Circuit QED represents one of the most advanced architectures in the race for a quantum computer. Its elementary building blocks, the superconducting quantum bits and microwave cavities, play the role of nearly ideal spins and springs. Thanks to technological progress, the spin/spring coupling constant greatly exceeds the decoherence rate of the system, so that spins and springs get strongly quantum-entangled. This strong coupling regime is exploited by numerous teams to perform quantum algorithms with a growing number of quantum bits.1 In this context, dissipation sources, which cause decoherence, appear as the physicist enemy number one, which limits the size of quantum computers and their performances. A lot of efforts is devoted to the development of quantum error correction codes which fight the destruction of quantum information.2 This requires to increase the number of physical bits used to encode one bit of information, making the realization of complex quantum algorithms even more challenging.

However, a weakness can sometimes be turned into a strength. Indeed, superconducting circuits can also be used to perform a direct simulation of intrinsically dissipative quantum systems, in principle. In this case, decoherence in the circuit must mimic the one in the real system, and it thus turns from a spurious effect to a key ingredient. For example, one can imagine to emulate in a controlled way the Kondo effect, which epitomizes many body condensed matter problems. This effect, which was discovered in the 30’s, consists in a low temperature increase of the resistance of some metals, due to the spin-flip scattering of their continuum of itinerant electrons on magnetic impurities.3 The Kondo model is also central to understand strongly correlated electron behavior in quantum dot circuits, heavy-fermion materials and high-temperature superconductors.4 It is possible to make an exact theoretical description of the Kondo effect in some limiting cases like the high or low temperature regimes, but the general case remains challenging. Theorists expect the formation of an intriguing Kondo cloud of itinerant electrons, with a spin entangled with impurity spins, but this feature could not be observed directly so far.5

Recently, it has been suggested to simulate Kondo physics with photons by using a superconducting quantum bit coupled to two semi-infinite microwave transmission lines.6,7 This physical situation corresponds to a dissipative spin/boson model, where dissipation is provided by the transmission lines due to their continuous density of photonic modes. Kondo physics is expected because there exists a direct mapping between the dissipative spin/boson model and the Kondo model.8 Nevertheless, this geometry cannot fully exploit the power of Circuit QED. Indeed, microwave resonant techniques, which enable an efficient control and monitoring of quantum bits, cannot be used to reveal directly the phenomena which occur inside a photonic continuum. Yet…it is possible to sit on the fence by using a very long but finite waveguide. In this case, the waveguide forms a cavity with a discrete spectrum, but the round-trip of photons in this cavity is much longer than the qubit/cavity mode coupling constant, so that the qubit effectively feels an “artificial” dissipative environment, at least for times shorter than the photonic round trip. If, on top of that, the qubit/cavity coupling is stronger than the energy spacing between the photonic modes, and the qubit nonlinearity sufficiently large, many-body physics is expected. Strinkingly, in this geometry, the many modes of the effective bath could be addressed individually thanks to microwave resonant techniques. One can thus dream of measuring directly the Kondo cloud, or even its formation and dynamics in quench experiments where the system would be brought suddenly into the Kondo regime.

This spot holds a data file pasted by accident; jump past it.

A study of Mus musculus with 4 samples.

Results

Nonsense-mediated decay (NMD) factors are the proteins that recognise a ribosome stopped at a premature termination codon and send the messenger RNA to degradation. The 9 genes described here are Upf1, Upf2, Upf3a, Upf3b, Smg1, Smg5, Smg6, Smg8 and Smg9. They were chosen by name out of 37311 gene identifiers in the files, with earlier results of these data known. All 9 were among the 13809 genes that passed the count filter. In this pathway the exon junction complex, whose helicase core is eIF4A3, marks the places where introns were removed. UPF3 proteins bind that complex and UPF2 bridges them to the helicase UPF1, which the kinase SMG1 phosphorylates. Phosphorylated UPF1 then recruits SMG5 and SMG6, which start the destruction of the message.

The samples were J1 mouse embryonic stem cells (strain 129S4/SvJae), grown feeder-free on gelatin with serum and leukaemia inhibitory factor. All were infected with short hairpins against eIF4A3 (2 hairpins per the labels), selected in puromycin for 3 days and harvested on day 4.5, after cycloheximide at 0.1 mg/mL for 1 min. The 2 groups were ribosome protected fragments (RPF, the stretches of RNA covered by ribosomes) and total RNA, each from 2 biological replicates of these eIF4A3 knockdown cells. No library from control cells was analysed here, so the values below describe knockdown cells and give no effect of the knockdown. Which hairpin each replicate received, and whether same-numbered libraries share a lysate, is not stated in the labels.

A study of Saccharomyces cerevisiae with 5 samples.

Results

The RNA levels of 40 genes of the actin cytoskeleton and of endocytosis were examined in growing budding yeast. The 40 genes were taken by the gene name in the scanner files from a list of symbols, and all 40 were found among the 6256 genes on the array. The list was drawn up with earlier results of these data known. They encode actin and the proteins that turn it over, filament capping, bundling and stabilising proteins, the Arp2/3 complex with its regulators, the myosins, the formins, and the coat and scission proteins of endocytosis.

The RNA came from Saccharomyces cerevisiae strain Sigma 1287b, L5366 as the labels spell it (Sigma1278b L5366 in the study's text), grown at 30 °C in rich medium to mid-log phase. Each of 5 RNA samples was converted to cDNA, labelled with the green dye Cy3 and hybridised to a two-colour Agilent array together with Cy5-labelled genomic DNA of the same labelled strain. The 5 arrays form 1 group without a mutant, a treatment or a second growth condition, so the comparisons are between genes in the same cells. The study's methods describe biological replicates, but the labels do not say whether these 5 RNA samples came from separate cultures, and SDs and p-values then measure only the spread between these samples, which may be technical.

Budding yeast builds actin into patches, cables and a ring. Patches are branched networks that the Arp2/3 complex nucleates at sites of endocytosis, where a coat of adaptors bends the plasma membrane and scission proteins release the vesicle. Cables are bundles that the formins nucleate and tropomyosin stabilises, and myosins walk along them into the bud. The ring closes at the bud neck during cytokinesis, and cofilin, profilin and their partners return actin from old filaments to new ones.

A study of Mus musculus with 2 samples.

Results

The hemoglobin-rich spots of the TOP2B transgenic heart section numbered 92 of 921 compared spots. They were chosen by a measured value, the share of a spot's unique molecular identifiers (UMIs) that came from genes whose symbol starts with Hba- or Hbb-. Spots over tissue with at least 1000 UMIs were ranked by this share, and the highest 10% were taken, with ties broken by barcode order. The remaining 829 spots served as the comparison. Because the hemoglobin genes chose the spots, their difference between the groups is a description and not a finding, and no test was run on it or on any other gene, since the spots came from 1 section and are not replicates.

Motivated by these perspectives, several teams have revisited experimentally the problem of a superconducting qubit coupled to a long microwave coplanar waveguide.9,10 Now, these experiments are brought to the next technical level by two groups who use arrays of Josephson junctions12 or squids11 as a waveguide. These arrays have a high impedance that favors strong qubit/bath couplings. Furthermore, in ref. 11, the squid array architecture enables a strong tunability of the bath modes with the magnetic field, which could be instrumental to study the parametric dependences in a many-body problem. Puertas-Martínez and coworkers11 perform an impressively accurate parameter-free modeling of their experiment, which reveals the breakdown of the rotating wave approximation, expected in the multimode strong coupling regime. Kuzmin and colleagues12 obtain an even larger qubit/bath coupling, so that individual anticrossings between the qubit and the numerous bath modes cannot be distinguished anymore due to the complete dissolution of the qubit state in these modes. In both experiments, the bath levels are resolved and studied individually. In order to enter the deep many-body regime, further experimental efforts are necessary to increase the qubit nonlinearity. However, considering the rapid experimental progress, one can hope the simulation of many-body physics with superconducting circuits to be within reach soon.